April 11, 2022—”These diamonds have always brought me luck.” So said the late great Dame Elizabeth Taylor in the 1991 television advertisement for her best-selling fragrance, White Diamonds. Since prehistoric times (way before Larry Fortensky), jewelry has been worn around the world for its talismanic powers, and its abilities to attract good fortune and repel bad luck. More recently, Andy Warhol secretly wore elaborate diamond jewels underneath his signature black turtleneck, believing the stones would ward off evil.
Temple St. Clair, the inimitable designer known for her mystical-inspired creations, has been making her signature rock crystal amulet for more than 30 years. Legions of jewelry lovers around the world adorn themselves with Temple’s “wearable treasure,” often piling on multiple charms for additional and luxurious armor.
Temple says she is “never without” her own rock crystal amulet. Now she has added three special editions of the luminous bauble, each inspired by the architectural details of enchanted locations in Charleston, South Carolina and available exclusively at Croghan’s.
“My relationship with Charleston goes back to my teens when my family moved from Virginia to South Carolina,” explains Temple. “While living in Italy in my twenties, I would always come home to Charleston. I showed my first creations and established my first collectors in my mother’s house on Legare Sreet!”
Charleston is known as one of the most popular travel destinations in America. The Holy City’s charming streets of colorful antebellum architecture are lined with Spanish moss hanging (somewhat ominously) from towering Oak and Cypress trees; church bells ring regularly from high steeples marking the skyline.
One would be well advised to wear multiple Temple St. Clair pendants for protection and security. Each of the new amulets are tied to a particularly spooky Charleston story.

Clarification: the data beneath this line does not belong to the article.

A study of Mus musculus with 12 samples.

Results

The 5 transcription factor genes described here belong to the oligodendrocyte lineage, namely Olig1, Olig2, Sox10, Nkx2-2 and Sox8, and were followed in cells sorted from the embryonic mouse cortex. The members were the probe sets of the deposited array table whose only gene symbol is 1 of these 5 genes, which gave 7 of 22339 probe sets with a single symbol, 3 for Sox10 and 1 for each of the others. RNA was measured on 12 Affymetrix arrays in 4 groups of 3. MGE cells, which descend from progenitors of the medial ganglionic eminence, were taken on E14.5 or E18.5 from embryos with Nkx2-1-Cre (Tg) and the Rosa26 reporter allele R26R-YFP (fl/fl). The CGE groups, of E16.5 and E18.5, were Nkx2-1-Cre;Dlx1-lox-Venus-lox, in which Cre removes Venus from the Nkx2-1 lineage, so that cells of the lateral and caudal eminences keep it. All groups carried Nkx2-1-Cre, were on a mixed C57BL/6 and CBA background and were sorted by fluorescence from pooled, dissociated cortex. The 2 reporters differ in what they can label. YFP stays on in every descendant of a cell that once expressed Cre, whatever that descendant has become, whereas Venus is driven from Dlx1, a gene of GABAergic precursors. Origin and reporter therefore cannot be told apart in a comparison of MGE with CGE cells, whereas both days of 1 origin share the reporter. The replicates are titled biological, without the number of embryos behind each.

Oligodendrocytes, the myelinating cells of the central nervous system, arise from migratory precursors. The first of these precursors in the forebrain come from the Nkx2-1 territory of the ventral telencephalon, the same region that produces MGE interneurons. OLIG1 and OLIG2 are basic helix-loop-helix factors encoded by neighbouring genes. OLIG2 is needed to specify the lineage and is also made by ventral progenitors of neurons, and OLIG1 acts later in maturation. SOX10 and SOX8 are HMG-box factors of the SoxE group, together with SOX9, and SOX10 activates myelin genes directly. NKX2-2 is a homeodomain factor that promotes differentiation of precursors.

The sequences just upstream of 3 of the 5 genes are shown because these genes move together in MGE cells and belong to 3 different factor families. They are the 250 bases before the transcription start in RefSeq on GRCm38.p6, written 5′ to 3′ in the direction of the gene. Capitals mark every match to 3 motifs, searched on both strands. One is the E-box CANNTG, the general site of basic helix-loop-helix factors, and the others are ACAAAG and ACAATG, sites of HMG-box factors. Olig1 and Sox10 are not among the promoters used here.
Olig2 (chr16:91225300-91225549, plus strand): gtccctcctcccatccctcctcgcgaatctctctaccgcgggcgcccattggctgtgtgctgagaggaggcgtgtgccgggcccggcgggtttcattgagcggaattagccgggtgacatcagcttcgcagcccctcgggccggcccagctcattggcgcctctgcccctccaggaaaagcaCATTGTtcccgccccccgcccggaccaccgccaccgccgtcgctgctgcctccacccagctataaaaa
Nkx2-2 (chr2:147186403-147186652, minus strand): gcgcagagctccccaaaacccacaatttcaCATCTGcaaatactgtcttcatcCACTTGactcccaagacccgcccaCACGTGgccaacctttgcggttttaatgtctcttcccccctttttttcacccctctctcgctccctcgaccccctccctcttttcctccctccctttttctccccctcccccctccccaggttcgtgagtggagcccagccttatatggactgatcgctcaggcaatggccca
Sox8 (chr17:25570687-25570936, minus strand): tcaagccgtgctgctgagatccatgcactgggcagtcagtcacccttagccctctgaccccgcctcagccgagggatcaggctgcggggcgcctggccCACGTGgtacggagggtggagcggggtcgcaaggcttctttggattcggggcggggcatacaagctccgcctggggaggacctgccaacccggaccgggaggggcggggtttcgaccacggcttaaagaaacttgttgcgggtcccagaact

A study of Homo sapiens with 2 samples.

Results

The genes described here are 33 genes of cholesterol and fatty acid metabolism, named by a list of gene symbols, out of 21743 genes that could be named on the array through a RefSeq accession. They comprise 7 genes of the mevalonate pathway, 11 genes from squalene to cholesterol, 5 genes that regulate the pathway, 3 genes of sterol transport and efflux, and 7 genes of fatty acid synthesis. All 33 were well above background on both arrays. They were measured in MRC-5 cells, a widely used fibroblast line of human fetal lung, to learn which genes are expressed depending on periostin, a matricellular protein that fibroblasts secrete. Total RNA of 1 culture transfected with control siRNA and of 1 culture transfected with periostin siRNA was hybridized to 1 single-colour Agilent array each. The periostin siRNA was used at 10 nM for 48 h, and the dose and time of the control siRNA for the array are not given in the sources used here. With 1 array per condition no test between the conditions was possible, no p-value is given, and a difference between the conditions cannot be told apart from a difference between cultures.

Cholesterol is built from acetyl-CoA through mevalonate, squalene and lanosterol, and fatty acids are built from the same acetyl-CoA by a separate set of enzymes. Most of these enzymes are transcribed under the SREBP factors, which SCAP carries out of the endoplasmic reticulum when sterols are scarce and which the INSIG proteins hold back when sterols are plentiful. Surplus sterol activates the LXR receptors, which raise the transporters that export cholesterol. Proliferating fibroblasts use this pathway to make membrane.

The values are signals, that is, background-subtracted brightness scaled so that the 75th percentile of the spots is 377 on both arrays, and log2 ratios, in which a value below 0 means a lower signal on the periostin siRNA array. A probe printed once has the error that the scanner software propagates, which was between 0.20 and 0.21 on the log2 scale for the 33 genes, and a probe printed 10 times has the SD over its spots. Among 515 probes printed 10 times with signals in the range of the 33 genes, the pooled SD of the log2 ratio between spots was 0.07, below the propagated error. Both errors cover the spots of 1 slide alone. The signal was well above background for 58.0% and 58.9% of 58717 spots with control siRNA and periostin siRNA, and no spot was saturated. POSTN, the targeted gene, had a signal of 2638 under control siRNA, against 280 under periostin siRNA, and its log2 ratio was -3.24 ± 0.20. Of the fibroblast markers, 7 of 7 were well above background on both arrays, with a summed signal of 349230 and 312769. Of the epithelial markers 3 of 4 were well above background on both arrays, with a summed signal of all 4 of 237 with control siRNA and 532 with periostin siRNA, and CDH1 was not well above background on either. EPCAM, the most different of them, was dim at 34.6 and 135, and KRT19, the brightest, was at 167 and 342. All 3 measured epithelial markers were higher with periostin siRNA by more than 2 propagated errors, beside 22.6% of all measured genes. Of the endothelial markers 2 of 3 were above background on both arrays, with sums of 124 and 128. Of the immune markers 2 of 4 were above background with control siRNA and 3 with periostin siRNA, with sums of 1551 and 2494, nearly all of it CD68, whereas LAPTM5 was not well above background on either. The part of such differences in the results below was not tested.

The intricate scrolls and swirls of 18K yellow gold that wrap around Temple’s Sword Gate Amulet pay homage to the iron gates that enclose the Sword Gate House.
Built in the early 1800s, the house became a girls’ school, governed by Madame Talvande. The strict headmistress felt dejected and humiliated after one of her students scaled the school’s walls and managed to escape and elope with an inappropriate boyfriend. In hopes of preventing any copycats, she contrived a haunting and gruesome plan, and built a high wall around the school topped with broken glass bottles.
Temple’s Sword Gate Amulet will avert any malice brought on by Madame Talvande, who is said to still be wandering the halls of the house, keeping a watchful eye on her girls!
The gate of another historical Charleston home, the Simmons-Edwards House, is topped with finials in the shape of Italian pinecones which are mistaken by most people for pineapples. In fact, the house is nicknamed Pineapple Gates. It inspired the crown-like design of Temple’s Pineapple Gate Amulet. Bezel-set diamonds are stunningly mounted within the spaces of lattice-like 18K gold.
Hold on tight to the amulet when visiting the Simmons-Edwards House, where an unknown and shadowy couple has been reported walking hand in hand on the street.
And finally, there is the Rainbow Row Amulet.
Rainbow Row is, just as it sounds, a stretch of colorful (some of Charleston’s oldest) houses originally built in the 1600s. Rainbow Row’s proximity to the water made it a prime location for pirates and sailors. The Pink House was believed to have been at times a tavern and brothel, undoubtedly a place that witnessed rampant boozing and hustling. A crooked pirate has been spotted walking up and down the stairs and hallways; sometimes mysterious handprints appear on the windows, and one can hear the sound of footsteps.
Temple’s Rainbow Row Amulet is set with aquamarine, pink and yellow sapphires, peridot, tanzanite and amethyst (all over rock crystal), and is a dazzling and kaleidoscopic miniature of the houses. I suspect it will bring just the type of good juju Elizabeth Taylor had with her diamond earrings!